You said it: City budget is easy target
You said it: City budget is easy target
It's budget time at City Hall, which means Alameda's budget team is diligently finalizing our financial plan for the next two years. It's also time for some regular naysayers to take pot shots at City Hall. These critics insinuate that your city's staff is corrupt. They proclaim that bankruptcy is imminent - as they have for many years. Or that City Hall is unethically violating generally accepted accounting principles and hiding the true nature of the city's financial position. As the person who leads our city's budget team, I'd like to provide some insight into the city’s finances and the statewide process used to develop a budget.
The City of Alameda receives roughly $163 million from various sources of revenues over the course of a year, most of it restricted for special purposes like sewer infrastructure. However, the city’s main checking account, called the general fund, receives about $72 million per year from things like property taxes, sales taxes, and other “general sources.” General fund expenditures hover around the same amount. Most people like to focus on this account because it is unrestricted and, historically, it has paid for the most popular services such as police, fire, libraries, roads, and recreation and parks. However, since the passage of Proposition 13, it now accounts for only roughly 40 percent of all city funding.
Over the last five years, general fund revenues have sharply declined due to the bad economy; now, they are slowly recovering. Unfortunately, increases in health care costs and retirement benefits, which are primarily paid for out of the general fund, will outstrip those revenue gains. This is not news; it’s the story of hundreds of cities across California that are looking at ways to address the very same situation.
Balancing a budget is not an easy task; and, notwithstanding some critics’ proposed solutions, magic is not a tool upon which we can rely. In a nutshell, just like a household budget, our controller estimates our revenues for the year and at the same time our departments estimate their staffing, equipment, projects, and other needs for the same period. This year, based on initial efforts, our projected expenditures were roughly five percent more than our revenues and expected to grow to seven percent next year. Knowing this, we directed our departments to cut their budgets between one and five percent, scrutinize all proposed projects, correctly allocate their costs based on who is doing the work, increase revenue if appropriate, and test long held assumptions of how we’ve done business.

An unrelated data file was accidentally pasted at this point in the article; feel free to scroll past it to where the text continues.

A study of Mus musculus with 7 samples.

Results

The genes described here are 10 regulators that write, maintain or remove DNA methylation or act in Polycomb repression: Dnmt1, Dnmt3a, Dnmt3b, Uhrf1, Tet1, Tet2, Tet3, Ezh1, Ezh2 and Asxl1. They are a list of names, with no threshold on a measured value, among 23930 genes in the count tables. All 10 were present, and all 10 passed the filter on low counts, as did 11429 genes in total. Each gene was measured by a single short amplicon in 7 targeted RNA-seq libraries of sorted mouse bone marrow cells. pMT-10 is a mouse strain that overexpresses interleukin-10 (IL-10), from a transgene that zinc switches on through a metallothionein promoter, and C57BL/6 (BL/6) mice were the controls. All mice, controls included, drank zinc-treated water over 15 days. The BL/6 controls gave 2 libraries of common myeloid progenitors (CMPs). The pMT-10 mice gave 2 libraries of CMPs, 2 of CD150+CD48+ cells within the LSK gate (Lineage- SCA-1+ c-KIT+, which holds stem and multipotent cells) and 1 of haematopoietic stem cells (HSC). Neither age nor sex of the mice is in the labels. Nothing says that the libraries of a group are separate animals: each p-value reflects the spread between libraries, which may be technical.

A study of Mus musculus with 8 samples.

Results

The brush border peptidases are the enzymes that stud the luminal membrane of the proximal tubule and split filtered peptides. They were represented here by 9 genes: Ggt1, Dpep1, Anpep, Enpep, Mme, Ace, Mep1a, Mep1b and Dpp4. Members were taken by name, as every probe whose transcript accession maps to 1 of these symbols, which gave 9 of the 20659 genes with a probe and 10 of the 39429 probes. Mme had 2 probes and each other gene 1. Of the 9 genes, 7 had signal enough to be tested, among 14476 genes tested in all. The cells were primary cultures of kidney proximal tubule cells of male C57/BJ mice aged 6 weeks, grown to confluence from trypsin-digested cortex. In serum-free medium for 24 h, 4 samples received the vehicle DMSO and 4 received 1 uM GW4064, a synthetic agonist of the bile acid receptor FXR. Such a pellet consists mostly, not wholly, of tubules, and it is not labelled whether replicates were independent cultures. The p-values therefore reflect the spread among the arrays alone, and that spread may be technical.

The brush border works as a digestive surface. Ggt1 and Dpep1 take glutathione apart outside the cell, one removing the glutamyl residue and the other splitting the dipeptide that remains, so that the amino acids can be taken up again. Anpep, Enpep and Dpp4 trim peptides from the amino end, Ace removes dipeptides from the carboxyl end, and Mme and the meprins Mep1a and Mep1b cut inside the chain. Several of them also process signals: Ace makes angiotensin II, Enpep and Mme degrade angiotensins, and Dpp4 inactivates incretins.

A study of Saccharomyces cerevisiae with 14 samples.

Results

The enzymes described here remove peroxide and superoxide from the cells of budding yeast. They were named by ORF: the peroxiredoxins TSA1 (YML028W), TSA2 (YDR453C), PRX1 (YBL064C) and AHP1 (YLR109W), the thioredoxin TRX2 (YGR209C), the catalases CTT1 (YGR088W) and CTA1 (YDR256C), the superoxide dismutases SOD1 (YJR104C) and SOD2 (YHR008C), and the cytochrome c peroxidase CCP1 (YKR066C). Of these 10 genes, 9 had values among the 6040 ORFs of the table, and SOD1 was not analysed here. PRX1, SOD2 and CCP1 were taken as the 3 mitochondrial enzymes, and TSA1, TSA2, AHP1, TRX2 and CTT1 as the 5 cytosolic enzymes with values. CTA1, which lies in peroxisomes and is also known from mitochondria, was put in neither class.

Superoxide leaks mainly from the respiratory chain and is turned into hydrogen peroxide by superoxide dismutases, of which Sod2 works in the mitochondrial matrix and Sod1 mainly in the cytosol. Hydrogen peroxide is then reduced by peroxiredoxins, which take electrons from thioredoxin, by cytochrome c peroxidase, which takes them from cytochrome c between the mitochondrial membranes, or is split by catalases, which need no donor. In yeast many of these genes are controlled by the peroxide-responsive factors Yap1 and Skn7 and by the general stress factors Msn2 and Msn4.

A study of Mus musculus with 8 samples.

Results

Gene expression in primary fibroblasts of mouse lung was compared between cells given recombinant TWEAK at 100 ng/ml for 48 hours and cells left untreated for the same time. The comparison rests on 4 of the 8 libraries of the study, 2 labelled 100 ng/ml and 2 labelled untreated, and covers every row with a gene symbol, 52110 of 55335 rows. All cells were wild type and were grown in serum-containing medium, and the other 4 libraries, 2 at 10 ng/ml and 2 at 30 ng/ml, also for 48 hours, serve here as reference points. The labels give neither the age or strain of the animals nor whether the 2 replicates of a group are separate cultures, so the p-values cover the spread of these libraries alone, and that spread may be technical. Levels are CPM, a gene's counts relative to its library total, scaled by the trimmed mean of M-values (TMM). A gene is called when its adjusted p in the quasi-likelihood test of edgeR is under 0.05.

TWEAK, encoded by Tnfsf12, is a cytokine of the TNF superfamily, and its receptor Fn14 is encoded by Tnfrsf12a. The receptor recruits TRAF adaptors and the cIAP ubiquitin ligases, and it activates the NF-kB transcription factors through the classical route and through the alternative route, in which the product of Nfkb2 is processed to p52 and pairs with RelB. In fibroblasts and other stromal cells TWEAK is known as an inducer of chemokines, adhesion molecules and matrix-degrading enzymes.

As a result of these efforts, we’ve constructed a balanced budget mostly through structural changes (i.e. they continue on into the future). As with a household budget, we try to limit the use of one-time money. Indeed, the use of one-time money to fill the gap has gone from 57 percent in fiscal year 11/12 to an estimated 35 percent in the next two years combined. The one-time money comes from a variety of sources, including the use of earned savings from last year’s tightened belts, to revenue that was not anticipated as a result of conservative forecasting. Some assume this is a sleight of hand. We consider it a dividend earned through prudent budgeting.
Assuming the drumbeat of bankruptcy is meant in good faith, what people should be most concerned about is the city’s other post employment benefits (OPEB) liability, also referred to as our retirees’ health care benefits. That situation took a generation to develop and will take time to fix. Last year, the city manager appointed an OPEB task force. Once the city’s budget is passed, that group’s recommendation will be reviewed with City Council, and a road map will be drawn to solve the problem. Several months ago, Standard and Poor’s rating agency reaffirmed the city’s AA credit rating (Vallejo’s is CCC+) but noted that the reason the city's rating wasn't better (AAA) was because of the city’s OPEB obligations. We must address this situation in partnership with our employees, and we plan to do so in the coming months.
Despite protests to the contrary, the City of Alameda is in much better shape than many in the state. We do have our challenges, but we are on the right path. Last year the city spent $1.1 million less than it planned and earned $1.5 million more than it projected. In most businesses, that would be a good year. In government these days, that’s a great year.
Alamedans are encouraged to join the City Council at 7:00 p.m. on June 11 to again review the Fiscal Year 13/14 and 14/15 budget. We understand that evening meetings are not always convenient, so e-mails are welcome, as are phone calls or simply stopping by. Input is not considered an inconvenience. It’s Alameda’s money and there is no monopoly on good ideas. Please join us if you can and let your opinions be heard.
Elizabeth Warmerdam is an assistant city manager for the City of Alameda.